Investment Cars - A Different Kind of Investing
By Eric Hammer
One of the more unusual ways to make money these days is through
investment cars. While these things may seem to be the exclusive
province of the super rich, the fact is that even upper middle
class Americans are able to purchase investment cars (i.e. classic
cars which have a chance of going up in value) and make some
decent money while doing so.
The key, according to the experts is to have an eye for such
vehicles and to know which cars are likely to increase in value
as time goes on. It also pays to have enough room to house such
vehicles and to be able to maintain them as you need to keep
your investment cars in as pristine a condition as possible in
order to sell them later on for a profit.
Finally, remember that this is unlikely to become a full time
profession unless you happen to run a used car lot, in which
case you are not just working with investment cars. However,
it is potentially a good way to make some money and have fun
while doing so.
How Much Can You Make?
It's impossible to quantify how much you are likely to make
from investment cars since so much depends on the fickleness
of the buyers who may purchase the vehicle from you in the future.
However, it is not uncommon to double or even triple your money
inside of 10-15 years if you do your job correctly and buy the
right kinds of collectible cars.
Ways to Make More | Related Opportunities
According to the experts, there are a number of factors to
consider when buying investment cars. First, you need to consider
whether the car has bottomed out as far as losing value. Typically,
new cars lose around 20% of their value for every year they are
on the road. However, after a certain point, if they are still
in good condition, with relatively low mileage, they start to
go up in value, especially if they are collectible.
Good choices for investment cars include cars that were once
expensive to begin with, such as a Rolls Royce or a Ferrari.
They should also be desirable types of cars and considered "cool
As an example, amongst modern vehicles, a car which has the
potential to become a collectible 10-15 years from now is the
Tesla Roadster, which was released in limited quantity and which
is being phased out by that company in favor of their new sedan.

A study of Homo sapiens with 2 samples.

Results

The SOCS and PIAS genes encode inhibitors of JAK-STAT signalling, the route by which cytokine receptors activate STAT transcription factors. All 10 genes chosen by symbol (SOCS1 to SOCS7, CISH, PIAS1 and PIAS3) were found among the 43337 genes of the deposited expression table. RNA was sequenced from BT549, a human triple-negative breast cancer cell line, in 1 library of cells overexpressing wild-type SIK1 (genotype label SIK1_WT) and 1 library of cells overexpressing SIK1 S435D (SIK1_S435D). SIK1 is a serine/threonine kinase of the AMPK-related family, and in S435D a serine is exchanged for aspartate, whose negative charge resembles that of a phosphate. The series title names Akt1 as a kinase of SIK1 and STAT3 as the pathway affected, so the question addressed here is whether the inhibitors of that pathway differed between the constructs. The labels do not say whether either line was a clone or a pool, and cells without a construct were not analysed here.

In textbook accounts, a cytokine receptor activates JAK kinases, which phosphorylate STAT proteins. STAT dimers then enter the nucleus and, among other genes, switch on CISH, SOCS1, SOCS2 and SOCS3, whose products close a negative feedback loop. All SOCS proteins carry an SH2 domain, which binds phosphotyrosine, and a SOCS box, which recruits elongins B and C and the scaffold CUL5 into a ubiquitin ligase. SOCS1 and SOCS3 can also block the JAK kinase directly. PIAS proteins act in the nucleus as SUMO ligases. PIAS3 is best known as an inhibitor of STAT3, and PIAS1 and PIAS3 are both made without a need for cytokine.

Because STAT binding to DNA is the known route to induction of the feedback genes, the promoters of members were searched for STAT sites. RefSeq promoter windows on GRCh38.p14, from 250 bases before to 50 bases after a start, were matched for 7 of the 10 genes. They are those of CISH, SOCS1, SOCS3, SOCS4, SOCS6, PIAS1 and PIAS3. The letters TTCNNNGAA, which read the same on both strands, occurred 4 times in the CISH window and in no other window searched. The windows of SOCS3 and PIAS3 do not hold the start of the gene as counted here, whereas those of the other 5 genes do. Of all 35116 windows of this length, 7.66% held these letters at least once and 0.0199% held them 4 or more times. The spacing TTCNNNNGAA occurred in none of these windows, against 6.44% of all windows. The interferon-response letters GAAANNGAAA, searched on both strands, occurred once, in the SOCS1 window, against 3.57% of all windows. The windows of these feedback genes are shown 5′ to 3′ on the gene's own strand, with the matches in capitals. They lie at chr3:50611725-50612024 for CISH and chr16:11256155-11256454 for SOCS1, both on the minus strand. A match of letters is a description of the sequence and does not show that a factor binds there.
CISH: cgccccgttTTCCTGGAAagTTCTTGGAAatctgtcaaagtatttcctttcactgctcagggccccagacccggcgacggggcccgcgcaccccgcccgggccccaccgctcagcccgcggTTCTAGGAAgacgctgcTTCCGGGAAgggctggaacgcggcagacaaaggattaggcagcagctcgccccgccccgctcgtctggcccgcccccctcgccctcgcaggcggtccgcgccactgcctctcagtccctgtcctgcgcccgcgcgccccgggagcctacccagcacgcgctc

The reason that the Roadster has potential (and this is just
an educated guess - no one can guarantee that the Roadster won't
be considered a worthless turd 15 years from now) is because
it is considered to be a sleek vehicle, which was originally
quite expensive and which was released in limited quantities.
All of these things are likely to make such vehicles more attractive
to classic car collectors 15-20 years from now.
On the down side, the odds are good that in the next 15-20
years, electric vehicles which actually get 300 miles to a charge
and which can be charged much more quickly than the Roadster
will likely be on the road, meaning that the market for the vehicle
could go down.
Bottom line, investment cars can be fun and they can be a great
investment, however, there are no guarantees that your investment
vehicle will go up in value, nor are there guarantees that it
won't lose value.
However, you can increase your odds by paying close attention
to the market, to see which vehicles are popular with collectors
and have stood the test of time (the 1999 Hyundai Accent that's
being offered $1,000 for example is probably a bad choice, since
investment cars are usually ones that are considered "cool").
You should also be sure to store your investment cars in a
covered garage and keep them in pristine, original condition.
If the vehicle is ever involved in an accident of some kind,
your car will be worth less for insurance purposes than it might
have been worth if you'd held onto it for an investor. Not to
mention that most people who buy classic cars want cars with
relatively low mileage. A classic Ferrari with 250,000 miles
on the Odometer is not going to be worth nearly as much as a
classic BMW with 5,000 miles on the Odometer, even though the
Ferrari is ostensibly a more desirable vehicle.
Qualifications / Requirements
The only requirement here is that you have an eye for classic
cars which would make good investment cars and that you have
the money and space to care for your vehicles while you wait
for them to appreciate in value. It's also a good idea to have
at least some automotive knowledge so that you can understand
what's going on when you take the vehicle to an expert for an
Start by researching possible investment cars and coming up
with a budget for your investments so that you know exactly how
much money you have available. Then, be sure to shop around,
bargain with owners and take the time to have cars inspected
by a professional who knows what to look for in a vehicle.
Check out these helpful resources to learn more about investment
Car Info Weekly: Investing in Classic Cars -
This blog in general is a good resource for more information
about investment cars and this article in particular gives you
a good overview of the market for such vehicles.
The Discriminating Explorer: Classic Car Investing
Tips - Another good resource on investment cars, this article
provides an excellent overview of what to look for in order to
find a car which will likely go up in value.